NextEra Energy (NYSE:NEE) is clearly on a warpath to acquire or merge with another utility as news emerged recently about a recent bid. If successful, one effect this will have will be to justify the high valuation of NEE stock.
Investors should take note of this situation, as I pointed out in my last article, where I showed how high the stock is trading in terms of valuation metrics.
Not only has NextEra Energy made a bid for Duke Energy (NYSE:DUK) and was turned down, but Reuters recently reported on Nov. 9 that NextEra made another bid. NextEra made an all-stock acquisition offer for Evergy, Inc (NYSE:EVRG) which has a market capitalization of about $12 billion today.
However, at the time NextEra’s bid was apparently for $15 billion, including a premium. Nevertheless, Evergy’s board reportedly turned down the offer.
This upset one of Evergy’s large institutional shareholders, Elliott Management Corp. On Nov. 10, they put out a statement that urged Evergy’s board to “immediately reengage with NextEra and fully explore” a deal.
NextEra’s Valuation Dilemma
As I pointed out in my last article, NEE stock trades at a significant premium to its peers. This is partly from its continuing earnings growth from its Florida Power & Light subsidiary as well as its considerable investments in renewable energy.
For example, on Oct. 21, NextEra Energy reported that its Q3 adjusted earnings per share (EPS) grew 11.3% to $66.5 cents per share. This is after a recent four-for-one-stock split that took effect on Oct. 27.
Moreover, the company gave forecasts for both its 2020 and 2021 adjusted EPS. These range from $2.18 to $2.30 for 2020 and $2.40 to $2.54 for 2021.
Therefore, using a midpoint for each of these forecasts, NEE stock at $74.64 (Nov. 23) trades at 33 times expected $2.24 for 2020. And for 2021 its trades at 30.2 times adjusted earnings.
This is a good deal higher than the typical utility stock, as I mentioned last time. As a result, the company is looking to use its highly-priced shares to purchase lower price-to-earnings (P/E) companies.
How Using a High P/E Stock In an Acquisition Increases EPS
We can illustrate why NextEra Energy is so keen to use its shares to acquire another company. The fundamental reason is that a high P/E stock purchase leads to higher EPS.
Let’s say there are two companies both making $1 million and both have 1 million shares outstanding. Therefore they both have an EPS of $1. But Company A is valued at 100 times earnings, so its stock is worth $100 million but Company B has a 10 times P/E, so its market value is $10 million.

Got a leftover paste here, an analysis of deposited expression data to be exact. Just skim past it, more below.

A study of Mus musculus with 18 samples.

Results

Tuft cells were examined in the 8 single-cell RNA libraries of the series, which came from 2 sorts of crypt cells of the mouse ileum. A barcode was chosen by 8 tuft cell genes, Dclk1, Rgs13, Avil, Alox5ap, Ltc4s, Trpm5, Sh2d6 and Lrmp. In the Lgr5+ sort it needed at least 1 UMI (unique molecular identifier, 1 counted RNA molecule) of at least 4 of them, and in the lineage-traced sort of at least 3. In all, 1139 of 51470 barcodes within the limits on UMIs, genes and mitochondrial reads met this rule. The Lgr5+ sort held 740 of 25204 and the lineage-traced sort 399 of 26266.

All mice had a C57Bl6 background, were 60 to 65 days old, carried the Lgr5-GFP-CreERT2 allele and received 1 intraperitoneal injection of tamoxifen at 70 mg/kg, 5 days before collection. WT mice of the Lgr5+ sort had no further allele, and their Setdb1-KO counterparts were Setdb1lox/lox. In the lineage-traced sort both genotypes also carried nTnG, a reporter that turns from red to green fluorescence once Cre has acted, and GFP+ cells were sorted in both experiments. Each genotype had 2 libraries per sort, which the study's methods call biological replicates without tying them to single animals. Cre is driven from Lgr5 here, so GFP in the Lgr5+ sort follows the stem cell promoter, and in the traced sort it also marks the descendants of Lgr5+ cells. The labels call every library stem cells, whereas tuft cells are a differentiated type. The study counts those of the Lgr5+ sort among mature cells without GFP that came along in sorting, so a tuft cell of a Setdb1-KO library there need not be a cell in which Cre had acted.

Now if Company A buys B using its stock it only has to issue $10 million worth of shares. Therefore, it will issue 100,000 shares (i.e., 100K times $100 per share equals $10 million, the market value of Company B). Now there are $2 million in earnings from the combination, but the number of shares outstanding is only 1.1 million.
As a result, the earnings per share is now $1.818, or an increase of 81.8% from $1.00 EPS before the combination. So using the high P/E shares leads to a huge increase in earnings per share. It also lowers the P/E. Assuming the stock price stays the same, $100 divided by $1.818 lowers the P/E to about 55 times earnings from 100 times. That makes the stock more attractive and would likely push it up.
Compare that to the situation where Company A and B both had the same P/E and therefore the same market value. Now there are $2 million in earnings, but there are also 2 million shares outstanding to complete the merger. Therefore the EPS stays the same at $1.00.
What to Do With NEE Stock
This is why NextEra wants to use its higher than average P/E to acquire lower P/E energy companies. The problem is that its P/E is not substantially higher than its peers.
For example, I recently wrote about Nvidia (NASDAQ:NVDA) and its purchase of the semiconductor company ARM using its high P/E shares. Nvidia has a much higher P/E ratio stock, more than 50 times on a forward basis. This is because of the huge growth of the company. This makes it easier for sellers to acquiesce to the all-stock purchase.
Therefore, I suspect NextEra Energy is going to find it difficult to use NEE stock as an acquisition currency. It may have to start offering more cash in its deals.
Until then, most investors might want to wait to see what tricks the company has up its sleeve in its next purchase offer. That might make NEE stock have a lower P/E and a more worthwhile investment target.
On the date of publication, Mark R. Hake did not have (either directly or indirectly) any positions in any of the securities mentioned in this article.